Kelly, Sinema Announce Over $1.5 Million to Improve Air Quality for Tribes & Pima County

The Navajo Nation, Salt River Pima-Maricopa Indian Community, Cocopah Indian Tribe, and Pima County Flood Control were awarded more than $1.5 million in air monitoring grants

Arizona also received more than $405,300 to continue monitoring and replace aging equipment protecting against air pollutants

Arizona Senators Kyrsten Sinema and Mark Kelly announced over $1.5 million to improve air quality for The Navajo Nation, Salt River Pima-Maricopa Indian Community, Cocopah Indian Tribe, and Pima County Flood Control. These air monitoring grants – provided through the Sinema & Kelly-backed American Rescue Plan and Inflation Reduction laws – will support air monitoring projects to enhance air quality in these communities. 

“Today’s investments will support critical efforts that will clean and improve the air quality for Arizonans and tribal communities. We will continue working to secure investments like these that keep Arizonans healthy and safe,” said Senator Kelly.

“Arizonans’ health, our communities’ safety, and our state’s economic future depend on clean air. Today’s grants will improve air quality and protect tribes and Arizona communities from dangerous pollutants, ensuring Arizona remains a healthy and safe place to call home,” said Senator Sinema.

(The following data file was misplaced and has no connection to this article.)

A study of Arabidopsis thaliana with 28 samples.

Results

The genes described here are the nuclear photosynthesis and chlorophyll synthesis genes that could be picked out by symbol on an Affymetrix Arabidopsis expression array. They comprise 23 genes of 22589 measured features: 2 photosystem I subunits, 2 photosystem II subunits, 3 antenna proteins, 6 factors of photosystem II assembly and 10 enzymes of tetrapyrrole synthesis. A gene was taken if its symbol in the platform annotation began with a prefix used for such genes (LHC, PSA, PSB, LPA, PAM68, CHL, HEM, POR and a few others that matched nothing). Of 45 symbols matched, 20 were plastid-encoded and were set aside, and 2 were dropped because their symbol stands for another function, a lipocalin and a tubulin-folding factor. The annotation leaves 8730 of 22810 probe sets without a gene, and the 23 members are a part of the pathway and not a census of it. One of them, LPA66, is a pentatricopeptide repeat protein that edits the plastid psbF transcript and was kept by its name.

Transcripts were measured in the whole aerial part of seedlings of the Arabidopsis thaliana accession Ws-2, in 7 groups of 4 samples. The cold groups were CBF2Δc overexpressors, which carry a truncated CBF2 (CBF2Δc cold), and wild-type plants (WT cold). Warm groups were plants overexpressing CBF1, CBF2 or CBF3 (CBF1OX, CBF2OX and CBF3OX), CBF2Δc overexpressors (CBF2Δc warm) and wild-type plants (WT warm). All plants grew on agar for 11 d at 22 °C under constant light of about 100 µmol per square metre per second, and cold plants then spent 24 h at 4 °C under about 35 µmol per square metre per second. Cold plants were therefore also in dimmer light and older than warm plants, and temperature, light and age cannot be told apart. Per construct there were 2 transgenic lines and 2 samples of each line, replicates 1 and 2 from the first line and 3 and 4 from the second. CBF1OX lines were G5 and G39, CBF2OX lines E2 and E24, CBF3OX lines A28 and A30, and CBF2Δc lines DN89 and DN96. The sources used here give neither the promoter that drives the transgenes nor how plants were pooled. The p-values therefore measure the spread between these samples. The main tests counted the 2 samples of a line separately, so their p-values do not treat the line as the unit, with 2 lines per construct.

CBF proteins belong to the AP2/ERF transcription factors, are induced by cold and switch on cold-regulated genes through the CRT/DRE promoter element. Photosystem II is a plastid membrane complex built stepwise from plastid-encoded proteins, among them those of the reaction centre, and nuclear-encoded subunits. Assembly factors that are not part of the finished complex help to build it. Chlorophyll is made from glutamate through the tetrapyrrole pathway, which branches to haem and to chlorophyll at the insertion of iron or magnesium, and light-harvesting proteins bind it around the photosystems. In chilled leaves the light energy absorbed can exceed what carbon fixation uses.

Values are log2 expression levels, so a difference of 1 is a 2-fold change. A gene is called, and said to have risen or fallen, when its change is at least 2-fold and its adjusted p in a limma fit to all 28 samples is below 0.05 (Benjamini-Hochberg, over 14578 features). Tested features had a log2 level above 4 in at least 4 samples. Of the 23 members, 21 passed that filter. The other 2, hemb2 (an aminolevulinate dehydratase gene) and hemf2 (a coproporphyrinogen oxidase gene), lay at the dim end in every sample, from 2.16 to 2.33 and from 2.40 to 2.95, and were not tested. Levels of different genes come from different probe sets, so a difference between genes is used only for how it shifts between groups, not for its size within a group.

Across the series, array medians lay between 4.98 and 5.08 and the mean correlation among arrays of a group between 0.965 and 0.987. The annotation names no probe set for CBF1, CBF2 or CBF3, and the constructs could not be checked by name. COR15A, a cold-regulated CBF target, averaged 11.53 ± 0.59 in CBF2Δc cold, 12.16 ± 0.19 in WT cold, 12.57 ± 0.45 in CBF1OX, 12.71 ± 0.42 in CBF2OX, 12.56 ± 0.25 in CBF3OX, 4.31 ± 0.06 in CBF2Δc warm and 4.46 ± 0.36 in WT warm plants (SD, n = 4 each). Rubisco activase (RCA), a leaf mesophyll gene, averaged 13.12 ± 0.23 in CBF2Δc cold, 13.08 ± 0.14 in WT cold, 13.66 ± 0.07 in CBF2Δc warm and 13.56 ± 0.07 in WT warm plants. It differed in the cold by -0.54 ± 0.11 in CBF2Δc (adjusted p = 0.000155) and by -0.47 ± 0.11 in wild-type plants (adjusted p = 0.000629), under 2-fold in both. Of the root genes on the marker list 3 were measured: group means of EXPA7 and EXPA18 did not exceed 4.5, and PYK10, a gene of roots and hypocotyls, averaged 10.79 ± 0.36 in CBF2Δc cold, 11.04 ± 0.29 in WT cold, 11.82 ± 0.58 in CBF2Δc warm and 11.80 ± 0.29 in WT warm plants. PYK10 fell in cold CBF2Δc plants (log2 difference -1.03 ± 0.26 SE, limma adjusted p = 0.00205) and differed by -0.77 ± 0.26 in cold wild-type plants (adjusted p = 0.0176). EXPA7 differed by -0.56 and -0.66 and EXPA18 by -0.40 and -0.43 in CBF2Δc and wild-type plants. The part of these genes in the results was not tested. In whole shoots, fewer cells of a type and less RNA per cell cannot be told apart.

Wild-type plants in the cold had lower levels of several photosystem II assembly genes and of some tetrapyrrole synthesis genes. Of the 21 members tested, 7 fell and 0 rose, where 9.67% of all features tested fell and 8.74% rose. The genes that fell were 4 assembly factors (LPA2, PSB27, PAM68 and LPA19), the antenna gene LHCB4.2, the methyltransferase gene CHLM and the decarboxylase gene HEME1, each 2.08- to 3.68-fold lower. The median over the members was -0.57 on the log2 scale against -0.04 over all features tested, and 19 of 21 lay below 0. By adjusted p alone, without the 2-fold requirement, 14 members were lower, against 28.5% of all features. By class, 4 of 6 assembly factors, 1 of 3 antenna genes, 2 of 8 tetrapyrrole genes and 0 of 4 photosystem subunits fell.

Below are the recipients and award descriptions:

Primary ApplicantAmountTwo-sentence Project Description
Salt River Pima-Maricopa Indian Community$404,372.00Recipient will hire additional staff to support the air quality program activities. Additional staff will support the air program needs in quality assurance and data management to fulfill the EPA ambient monitoring requirements to ensure that the data meets its quality objective. 
The Navajo Nation$486,000.00Recipient will evaluate whether the emission of pollutants from oil and gas facilities impacts human health and environment of neighboring Navajo communities. The data collected will be used to address community concerns of health impacts of oil and gas facilities and the funds will address health outcome disparities from pollution combined with COVID-19 concerns.
PCFC – Pima County Flood Control$488,210.33Recipient will deploy and operate additional low-cost outdoor air pollution sensors at Pima County schools. This will improve exposure measurements of selected air pollutants for the entire population, especially identified environmental justice locations.
Cocopah Indian Tribe$185,029.00Recipient will establish long term air quality monitoring capacity at the Cocopah Indian Tribe through the deployment of air monitors, data collection and analysis, staff training, and community outreach.

The U.S. Environmental Protection Agency also awarded Arizona – through investments in the American Rescue Plan – $405,300 and an additional $125,000 in a multi-state award alongside New Mexico and Utah to support continuous monitoring of pollutants such as Particulate Matter 2.5 (PM2.5) and to replace other aging monitoring equipment of five other air pollutants.